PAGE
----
LVMH on Tuesday reported that revenue rose 10% to €21.8 billion ($25.5 billion in current exchanges) in the first half of the year. Organic revenue rose 12% year over year and the United States, Asia and Europe experienced "good growth," according to a company press release.
Also in the first half, the retailing group share of net profit soared to 41%. Profit from recurring operations rose 28% to €4.65 billion for the first half of 2018. Operating margin expanded 2.9 percentage points to 21.4% and gross margin increased significantly by 210 basis points to 67.2%, the company said.
In its second quarter alone, revenue rose 11% compared to the year-ago quarter, and organic revenue also grew 11%, the company said.
Many forces are on LVMH's side at the moment, including surprisingly strong demand in China that is shunting aside fears of a slowdown there. After a decade of sluggish sales, there's also a rebound in Japan, plus lower corporate taxes and an economy that in many places is favoring luxury sales.
But the company is leery of the impact that tariffs could have on this momentum. "I can only mention risks connected to the higher tariffs throughout the world, although the luxury industry is not in the front line on this, such a risk would certainly bear some negative consequences for us," LVMH Financial Communications Director Chris Hollis told analysts Tuesday, according to a conference call transcript from Seeking Alpha. "For these various reasons, I think that despite the strengths of the business, the current trends cannot realistically be extrapolated to the second half of the year."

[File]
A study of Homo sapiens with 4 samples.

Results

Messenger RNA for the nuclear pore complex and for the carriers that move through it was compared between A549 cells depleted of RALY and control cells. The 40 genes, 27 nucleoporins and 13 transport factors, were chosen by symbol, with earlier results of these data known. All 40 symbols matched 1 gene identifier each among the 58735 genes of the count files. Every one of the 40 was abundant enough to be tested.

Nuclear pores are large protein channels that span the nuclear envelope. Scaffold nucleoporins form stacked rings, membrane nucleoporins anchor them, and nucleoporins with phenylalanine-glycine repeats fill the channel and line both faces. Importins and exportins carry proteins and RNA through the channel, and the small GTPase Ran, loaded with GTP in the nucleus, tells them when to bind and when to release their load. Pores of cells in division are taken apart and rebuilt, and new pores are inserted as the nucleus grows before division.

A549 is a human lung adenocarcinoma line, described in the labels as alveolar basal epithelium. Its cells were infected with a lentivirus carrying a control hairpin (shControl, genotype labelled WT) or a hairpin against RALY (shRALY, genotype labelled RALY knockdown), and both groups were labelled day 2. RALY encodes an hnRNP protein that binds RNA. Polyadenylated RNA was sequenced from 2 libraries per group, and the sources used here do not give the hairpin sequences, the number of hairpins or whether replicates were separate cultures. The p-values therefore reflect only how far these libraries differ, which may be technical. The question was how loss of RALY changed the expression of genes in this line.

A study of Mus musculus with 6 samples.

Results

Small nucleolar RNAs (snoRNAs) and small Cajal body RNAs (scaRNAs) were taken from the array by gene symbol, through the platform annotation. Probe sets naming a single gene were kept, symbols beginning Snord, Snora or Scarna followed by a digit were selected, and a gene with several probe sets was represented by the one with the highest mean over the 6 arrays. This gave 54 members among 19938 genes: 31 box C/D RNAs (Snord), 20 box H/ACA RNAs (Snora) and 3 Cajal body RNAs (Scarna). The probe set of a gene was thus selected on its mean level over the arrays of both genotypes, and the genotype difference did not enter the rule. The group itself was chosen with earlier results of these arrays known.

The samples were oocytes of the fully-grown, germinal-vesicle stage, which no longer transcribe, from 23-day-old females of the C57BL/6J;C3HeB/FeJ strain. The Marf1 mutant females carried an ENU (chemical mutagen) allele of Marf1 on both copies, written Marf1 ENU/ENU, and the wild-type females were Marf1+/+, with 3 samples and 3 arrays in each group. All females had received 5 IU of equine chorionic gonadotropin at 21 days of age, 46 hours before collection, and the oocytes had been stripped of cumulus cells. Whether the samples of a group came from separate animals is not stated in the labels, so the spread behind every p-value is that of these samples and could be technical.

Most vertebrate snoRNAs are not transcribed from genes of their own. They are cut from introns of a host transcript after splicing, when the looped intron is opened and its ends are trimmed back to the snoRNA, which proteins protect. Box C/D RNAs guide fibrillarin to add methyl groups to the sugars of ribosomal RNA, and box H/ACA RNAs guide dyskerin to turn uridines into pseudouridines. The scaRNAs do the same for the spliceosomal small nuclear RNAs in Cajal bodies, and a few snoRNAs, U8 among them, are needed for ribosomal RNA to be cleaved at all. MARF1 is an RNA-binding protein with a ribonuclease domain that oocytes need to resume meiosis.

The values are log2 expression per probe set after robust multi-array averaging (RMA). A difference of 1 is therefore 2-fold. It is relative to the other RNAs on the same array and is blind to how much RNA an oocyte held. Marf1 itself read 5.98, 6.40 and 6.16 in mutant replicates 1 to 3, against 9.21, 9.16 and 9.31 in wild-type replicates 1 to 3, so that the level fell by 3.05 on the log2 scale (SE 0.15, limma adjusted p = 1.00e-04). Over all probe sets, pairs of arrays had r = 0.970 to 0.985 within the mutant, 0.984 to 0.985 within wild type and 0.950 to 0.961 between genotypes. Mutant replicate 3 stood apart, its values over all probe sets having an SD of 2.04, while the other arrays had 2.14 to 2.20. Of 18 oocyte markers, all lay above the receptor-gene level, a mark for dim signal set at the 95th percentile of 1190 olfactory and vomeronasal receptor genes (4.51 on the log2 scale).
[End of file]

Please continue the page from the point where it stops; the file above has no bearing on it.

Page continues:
One of the few brands in its portfolio not working to appeal to the wealthiest consumers is Sephora, which is doing particularly well in the U.S., Hollis said. The brand will continue to open its smaller studio locations, which he said have been well received. "Looking to the second half of the year, Sephora is, as always, focused on innovation in products and services that cannot be found elsewhere," he said. "Renovation of the retail network will also continue."
CFO Jean-Jacques Guiony added that Sephora's innovation is actually "gathering speed" and there remain more opportunities in the U.S. in light of the strong beauty market there. He pushed aside questions about shifts in demand from high-priced makeup to skincare, saying that the price points are similar and that that's the purpose of innovation.